First Man-Eating Lion of Tsavo Killed

First Man-Eating Lion of Tsavo Killed

“On this day in 1898, John Henry Patterson killed a three metre-long lion, who together with a second lion, had reportedly killed and devoured 135 construction workers near the Tsavo River in Kenya. Patterson’s account of the lions was published in the 1907 book The Man-eaters of Tsavo, and later adapted into a number of films including Hollywood’s 1996 title, The Ghost and the Darkness.

In 1898, the British Empire, who maintained colonial control over the region, was constructing a railroad bridge over the Tsavo, which was to be part of their ambitious Uganda Railway connecting Lake Victoria with Mombasa. From the spring until winter that year, an enormous number of railway workers and locals were killed and eaten by the pair of lions, leading to hysteria and abandonment by some of the remaining thousands of workers. Eventually, work was halted until Patterson managed to hunt and kill the two lions, the first on 9 December, and the second later that month.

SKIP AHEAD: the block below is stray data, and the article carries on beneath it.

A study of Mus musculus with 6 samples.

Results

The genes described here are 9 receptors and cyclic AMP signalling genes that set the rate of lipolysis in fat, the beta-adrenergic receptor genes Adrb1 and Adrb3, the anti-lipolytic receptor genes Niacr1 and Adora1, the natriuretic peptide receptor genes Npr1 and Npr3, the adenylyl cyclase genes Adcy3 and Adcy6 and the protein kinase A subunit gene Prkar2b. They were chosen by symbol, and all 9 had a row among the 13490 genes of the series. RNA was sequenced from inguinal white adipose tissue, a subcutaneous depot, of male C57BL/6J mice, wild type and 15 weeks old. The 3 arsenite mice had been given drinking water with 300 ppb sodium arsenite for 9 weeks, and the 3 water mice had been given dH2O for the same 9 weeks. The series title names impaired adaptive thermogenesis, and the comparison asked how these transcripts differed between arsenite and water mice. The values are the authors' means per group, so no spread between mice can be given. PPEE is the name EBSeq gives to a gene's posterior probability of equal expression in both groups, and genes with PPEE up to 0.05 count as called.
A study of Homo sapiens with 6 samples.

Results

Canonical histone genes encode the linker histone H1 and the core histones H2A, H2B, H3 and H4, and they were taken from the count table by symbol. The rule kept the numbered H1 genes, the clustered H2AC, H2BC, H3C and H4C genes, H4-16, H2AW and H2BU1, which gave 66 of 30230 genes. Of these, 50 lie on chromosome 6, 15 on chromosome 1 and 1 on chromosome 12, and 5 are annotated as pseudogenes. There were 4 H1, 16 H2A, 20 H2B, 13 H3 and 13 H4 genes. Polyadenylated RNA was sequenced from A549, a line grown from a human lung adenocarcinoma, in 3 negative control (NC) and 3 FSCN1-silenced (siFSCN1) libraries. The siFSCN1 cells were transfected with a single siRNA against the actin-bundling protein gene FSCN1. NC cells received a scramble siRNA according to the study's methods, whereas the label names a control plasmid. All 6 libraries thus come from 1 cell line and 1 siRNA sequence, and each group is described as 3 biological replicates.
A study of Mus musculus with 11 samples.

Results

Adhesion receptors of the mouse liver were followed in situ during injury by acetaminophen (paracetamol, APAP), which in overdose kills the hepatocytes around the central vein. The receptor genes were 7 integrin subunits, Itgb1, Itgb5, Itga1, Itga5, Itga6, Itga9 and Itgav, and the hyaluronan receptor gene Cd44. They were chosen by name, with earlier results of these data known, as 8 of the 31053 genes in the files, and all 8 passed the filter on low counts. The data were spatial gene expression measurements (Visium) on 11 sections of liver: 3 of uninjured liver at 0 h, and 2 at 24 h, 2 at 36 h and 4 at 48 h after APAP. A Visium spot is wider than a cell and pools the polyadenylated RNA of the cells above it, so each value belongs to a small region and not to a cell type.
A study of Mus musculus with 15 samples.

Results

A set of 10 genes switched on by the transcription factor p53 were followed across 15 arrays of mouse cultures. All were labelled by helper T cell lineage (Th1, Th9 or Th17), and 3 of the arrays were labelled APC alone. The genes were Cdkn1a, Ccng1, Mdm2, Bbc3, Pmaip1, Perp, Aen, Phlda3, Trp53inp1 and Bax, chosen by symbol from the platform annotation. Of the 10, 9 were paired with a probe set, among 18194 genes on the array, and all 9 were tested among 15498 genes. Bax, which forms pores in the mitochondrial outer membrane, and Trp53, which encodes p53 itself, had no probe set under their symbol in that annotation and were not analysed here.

Humans are easy targets for the king of beasts, and we continue to fall prey year after year. Accounts of man-eating lions show that they are predominantly male, often old or wounded, and many times deprived of their natural prey by human actions. Incredible reports in Zambia and Tanzania over the past century attribute hundreds of deaths to specific lions, but none are as famous as the man-eating lions of Tsavo.

The lions’ death toll of 135 or so workers may have been inflated, and researchers at The Field Museum in Chicago have recently suggested that the actual number was less than 30. The Field Museum has conducted research in Tsavo including the excavation of the famous lions’ den.

Shortly after their death, the lions, as was often the fate of great game at the time, were turned into trophy rugs. However, in 1924 they were sold to The Field Museum for US$5,000–which was a considerable sum at the time. The museum’s taxidermist stuffed them and transformed them into life-like mounts, which are still on display today.”

Credit: © Mark Eveleigh / Alamy
Caption: Allegedly 135 workers were killed by the man-eating Tsavo lions while building the railway bridge over Tsavo River, seen in the background of this photo.